The Sympathy of Christ and the Throne of Grace

Thrones are not where you go for grace. “The rulers of the Gentiles,” Jesus said, “lord it over them” (Mark 10:42). Sovereigns are not often known for their sympathy.

So when we read that we have (a) a “great high priest” (b) “who has passed through the heavens” (c) as the very “Son of God” (Hebrews 4:14), such high position and transcendence does not immediately communicate a sense of approachability.

But this high priest, in his high position, is highly approachable. This high priest, in all his holiness, is wholly compassionate. He is “able to sympathize with our weaknesses.” Why, and how? Because he became a human being and experienced the full range of our weakness and temptation — “in every way” — but without sin (Hebrews 4:15).

In times of trial and need, no one likes talking to someone who doesn’t understand. Lack of understanding typically translates into lack of compassion. Easy answers, carefree counsel, and simplistic responses are discouraging, frustrating, and isolating. I don’t want to seek respite from the war among those who’ve never touched the trenches. I don’t find great encouragement from those whose choices and circumstances have never required courage.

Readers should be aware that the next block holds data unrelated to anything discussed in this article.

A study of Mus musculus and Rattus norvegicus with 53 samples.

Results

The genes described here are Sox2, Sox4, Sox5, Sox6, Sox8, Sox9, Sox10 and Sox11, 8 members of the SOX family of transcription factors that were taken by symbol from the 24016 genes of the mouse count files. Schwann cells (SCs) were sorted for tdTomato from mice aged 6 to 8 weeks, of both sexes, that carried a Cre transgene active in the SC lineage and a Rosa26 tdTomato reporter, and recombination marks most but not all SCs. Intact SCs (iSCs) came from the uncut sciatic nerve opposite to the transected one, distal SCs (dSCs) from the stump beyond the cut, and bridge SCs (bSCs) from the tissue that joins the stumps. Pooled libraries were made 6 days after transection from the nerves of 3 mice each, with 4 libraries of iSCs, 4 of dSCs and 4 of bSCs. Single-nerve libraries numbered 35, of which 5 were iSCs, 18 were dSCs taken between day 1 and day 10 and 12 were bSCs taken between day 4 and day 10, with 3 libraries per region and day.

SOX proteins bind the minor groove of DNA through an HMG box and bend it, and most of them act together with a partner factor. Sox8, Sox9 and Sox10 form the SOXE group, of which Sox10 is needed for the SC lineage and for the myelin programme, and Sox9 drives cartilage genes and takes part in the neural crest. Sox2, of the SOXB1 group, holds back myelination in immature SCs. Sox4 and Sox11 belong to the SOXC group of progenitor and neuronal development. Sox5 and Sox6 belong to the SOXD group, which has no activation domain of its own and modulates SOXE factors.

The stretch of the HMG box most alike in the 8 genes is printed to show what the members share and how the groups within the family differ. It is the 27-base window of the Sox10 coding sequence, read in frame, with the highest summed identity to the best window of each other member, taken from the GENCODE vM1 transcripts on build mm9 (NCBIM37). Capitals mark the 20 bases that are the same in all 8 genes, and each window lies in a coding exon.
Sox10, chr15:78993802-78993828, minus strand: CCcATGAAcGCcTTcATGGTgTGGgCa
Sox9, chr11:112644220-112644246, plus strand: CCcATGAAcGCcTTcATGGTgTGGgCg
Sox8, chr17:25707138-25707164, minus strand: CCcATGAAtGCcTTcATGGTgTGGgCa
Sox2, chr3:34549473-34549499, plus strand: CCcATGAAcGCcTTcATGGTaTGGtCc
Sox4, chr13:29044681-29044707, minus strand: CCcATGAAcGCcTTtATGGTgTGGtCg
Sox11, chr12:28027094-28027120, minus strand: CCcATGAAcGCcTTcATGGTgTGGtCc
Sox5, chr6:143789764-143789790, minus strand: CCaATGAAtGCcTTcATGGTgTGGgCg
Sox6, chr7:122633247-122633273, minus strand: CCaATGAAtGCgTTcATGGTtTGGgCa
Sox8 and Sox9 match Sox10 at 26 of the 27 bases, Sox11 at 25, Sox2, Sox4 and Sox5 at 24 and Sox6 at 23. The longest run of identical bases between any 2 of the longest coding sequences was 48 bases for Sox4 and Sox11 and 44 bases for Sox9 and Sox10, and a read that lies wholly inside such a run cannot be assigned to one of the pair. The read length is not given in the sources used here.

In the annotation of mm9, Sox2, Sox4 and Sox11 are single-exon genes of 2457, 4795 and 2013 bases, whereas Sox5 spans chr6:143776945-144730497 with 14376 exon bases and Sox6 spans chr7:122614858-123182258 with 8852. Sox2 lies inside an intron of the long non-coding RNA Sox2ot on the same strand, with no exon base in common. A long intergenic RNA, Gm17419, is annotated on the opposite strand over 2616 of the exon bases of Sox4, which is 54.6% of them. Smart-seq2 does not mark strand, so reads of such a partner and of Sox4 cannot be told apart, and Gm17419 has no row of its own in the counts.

But what do the experiences of weakness, emptiness, darkness, and temptation produce? They cultivate compassion and create sympathy. Jesus experienced the greatest weakness, emptiness, darkness, and temptation of any human being who ever lived. The depth of his incarnation and temptation engender qualities that make him highly approachable.

His sufferings give him compassion, and his compassion gives us confidence. His temptations give him sympathy, and his sympathy is our summons. The author of Hebrews could not be more clear about this connection between Jesus’ experience of human weakness and the exhortation to approach him boldly for help.

“Let us then with confidence draw near to the throne of grace, that we may receive mercy and find grace to help in time of need” (Hebrews 4:16).

Without his sovereignty (v. 14), he would not have the power to help. Without his suffering, he would not have the sympathy to help (v. 15). Without his sinlessness, he would not have the purity to help (v. 15). But because he is our sovereign, sympathetic, sinless high priest, we should seek him boldly because has the power, compassion, and purity to help us in our every time of need.

The sympathy of Christ grounds our confidence in prayer. We ascend boldly to him because he descended boldly to us.

He sits on a throne, but his is a throne where mercy is found. This high priest sits on a throne of grace.